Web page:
As a PA, I’ve worked in some of the city’s busiest emergency departments. While they differ in practice styles, patient population, and architecture, they all have one thing in common: the nurses are overworked. As thousands of them go on strike and thousands more threaten to do the same, it should come as no surprise to anyone who has witnessed their plight.
I have seen NYC RNs be spit on and cursed at. I have never seen one take a proper lunch break. I have seen them told to put away their coffee from the charting station, and I have seen them berated for delayed medications after they’ve spent an hour in a code. Though there are many brutal careers that take a physical and mental toll, few do so in such a traumatic combination as urban frontline medicine does. Nurses have always known this and have towed the line with strength, dignity, and compassion (and sips of coffee snuck out of desk drawers). However, most in New York are currently being repeatedly asked to do more with less in unprecedented and unacceptable ways. For example, many are regularly doubling California’s state-mandated safety ratios (which require an ER nurse with an ICU hold be limited at 1:2 or a step-down unit cap at 1:4). What’s more, the Bureau of Labor Statistics estimates that medical professionals in New York are eight times more likely to be assaulted than private sector workers.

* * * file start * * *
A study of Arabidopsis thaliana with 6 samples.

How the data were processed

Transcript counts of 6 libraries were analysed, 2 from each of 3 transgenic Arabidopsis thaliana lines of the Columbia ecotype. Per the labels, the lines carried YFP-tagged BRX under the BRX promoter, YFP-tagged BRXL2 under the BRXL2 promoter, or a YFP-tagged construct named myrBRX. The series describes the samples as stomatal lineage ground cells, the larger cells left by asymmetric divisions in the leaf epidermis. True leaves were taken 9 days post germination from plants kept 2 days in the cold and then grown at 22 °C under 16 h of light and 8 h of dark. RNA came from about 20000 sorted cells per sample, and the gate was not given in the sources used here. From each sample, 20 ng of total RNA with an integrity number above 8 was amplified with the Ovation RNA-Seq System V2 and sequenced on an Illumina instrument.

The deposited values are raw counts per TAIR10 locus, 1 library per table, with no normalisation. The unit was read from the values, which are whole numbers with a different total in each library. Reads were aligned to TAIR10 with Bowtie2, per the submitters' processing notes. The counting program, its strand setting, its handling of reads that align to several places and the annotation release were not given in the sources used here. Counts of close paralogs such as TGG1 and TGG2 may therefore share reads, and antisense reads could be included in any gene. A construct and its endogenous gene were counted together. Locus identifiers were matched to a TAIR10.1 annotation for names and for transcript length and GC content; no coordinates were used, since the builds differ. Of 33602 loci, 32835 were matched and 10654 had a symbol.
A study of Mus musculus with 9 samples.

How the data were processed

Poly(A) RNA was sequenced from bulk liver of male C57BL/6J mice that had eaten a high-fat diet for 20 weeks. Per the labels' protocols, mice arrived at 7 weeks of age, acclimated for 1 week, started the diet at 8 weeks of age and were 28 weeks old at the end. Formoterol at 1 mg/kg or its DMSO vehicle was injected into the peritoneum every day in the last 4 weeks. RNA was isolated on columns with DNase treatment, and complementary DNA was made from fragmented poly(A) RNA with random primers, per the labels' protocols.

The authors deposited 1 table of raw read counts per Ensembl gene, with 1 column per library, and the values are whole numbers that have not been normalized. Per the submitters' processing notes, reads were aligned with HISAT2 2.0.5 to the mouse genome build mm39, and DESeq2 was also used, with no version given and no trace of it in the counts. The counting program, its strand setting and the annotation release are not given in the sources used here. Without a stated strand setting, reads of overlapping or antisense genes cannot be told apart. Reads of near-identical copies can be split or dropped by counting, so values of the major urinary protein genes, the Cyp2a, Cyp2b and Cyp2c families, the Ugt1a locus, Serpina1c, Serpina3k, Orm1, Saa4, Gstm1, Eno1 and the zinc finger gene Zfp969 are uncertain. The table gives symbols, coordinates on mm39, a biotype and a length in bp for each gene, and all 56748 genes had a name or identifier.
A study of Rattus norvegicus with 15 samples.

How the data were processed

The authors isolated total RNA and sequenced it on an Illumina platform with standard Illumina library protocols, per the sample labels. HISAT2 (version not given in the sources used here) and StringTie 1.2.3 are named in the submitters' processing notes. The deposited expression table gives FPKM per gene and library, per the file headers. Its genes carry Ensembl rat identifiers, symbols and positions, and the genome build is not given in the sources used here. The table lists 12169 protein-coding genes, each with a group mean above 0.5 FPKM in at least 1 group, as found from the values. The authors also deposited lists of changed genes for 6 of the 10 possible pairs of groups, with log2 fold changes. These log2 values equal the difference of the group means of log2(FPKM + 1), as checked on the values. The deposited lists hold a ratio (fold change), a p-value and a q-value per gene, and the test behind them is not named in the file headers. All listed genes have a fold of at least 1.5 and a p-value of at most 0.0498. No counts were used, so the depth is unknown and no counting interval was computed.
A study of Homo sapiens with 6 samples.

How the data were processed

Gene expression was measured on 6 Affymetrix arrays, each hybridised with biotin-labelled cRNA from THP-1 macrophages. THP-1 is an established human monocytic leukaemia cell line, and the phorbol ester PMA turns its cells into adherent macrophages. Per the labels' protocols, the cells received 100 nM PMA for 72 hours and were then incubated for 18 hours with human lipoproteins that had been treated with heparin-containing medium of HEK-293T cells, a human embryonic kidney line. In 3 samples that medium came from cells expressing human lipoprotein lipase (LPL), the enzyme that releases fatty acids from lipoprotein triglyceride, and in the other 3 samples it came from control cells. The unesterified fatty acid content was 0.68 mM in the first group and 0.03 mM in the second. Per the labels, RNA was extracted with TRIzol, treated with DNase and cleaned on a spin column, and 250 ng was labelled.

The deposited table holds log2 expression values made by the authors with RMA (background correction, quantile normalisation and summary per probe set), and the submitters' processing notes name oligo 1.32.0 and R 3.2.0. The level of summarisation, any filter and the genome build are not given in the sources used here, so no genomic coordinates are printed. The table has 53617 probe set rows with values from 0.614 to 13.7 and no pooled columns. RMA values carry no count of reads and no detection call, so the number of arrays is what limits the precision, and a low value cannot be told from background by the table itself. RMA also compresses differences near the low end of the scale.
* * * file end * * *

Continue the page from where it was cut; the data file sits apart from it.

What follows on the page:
But the most brutal betrayal of New York nurses lies in the way I can only imagine they’ve been made to feel disposable amidst this suffering. In 2020, as the pandemic ravaged the city, beleaguered and horrified RNs trekked on through deplorable conditions while NYC hospital executives denied them cost-of-living increases and improved benefits. Nightly clapping and “heroes work here” signs are not enough to atone for these insults, especially as administrators simultaneously received an average bonus of around $273,000. Imagine what might be possible if hospitals invested in the health and well-being of their current staff (and I’m not talking about pizza parties and branded badge lanyards) instead of claiming “shortages” and spending massive amounts of money to hire traveling nurses (many of whom, ironically, live locally but work locums for the benefits).
All this has culminated in a 26 percent decrease in self-reported mental health among nurses, with two-thirds “considering leaving” the profession in the next two years, according to a recent survey by ShiftMed. Of those who stay, many are contemplating leaving the bedside, have sought trauma counseling for COVID-related PTSD, or are joining support and education groups such as those offered for medical professionals through the New York Zen Center for Contemplative Care.
It should come as no surprise that New York nurses feel they can no longer carry the weight of the hospital on their backs. While unions consider a last-ditch effort strike to ensure patient safety and promote career longevity, we clinicians must support them wholeheartedly. We cannot possibly survive without nurses, and neither can our patients.
Molly M. Murray is a physician assistant.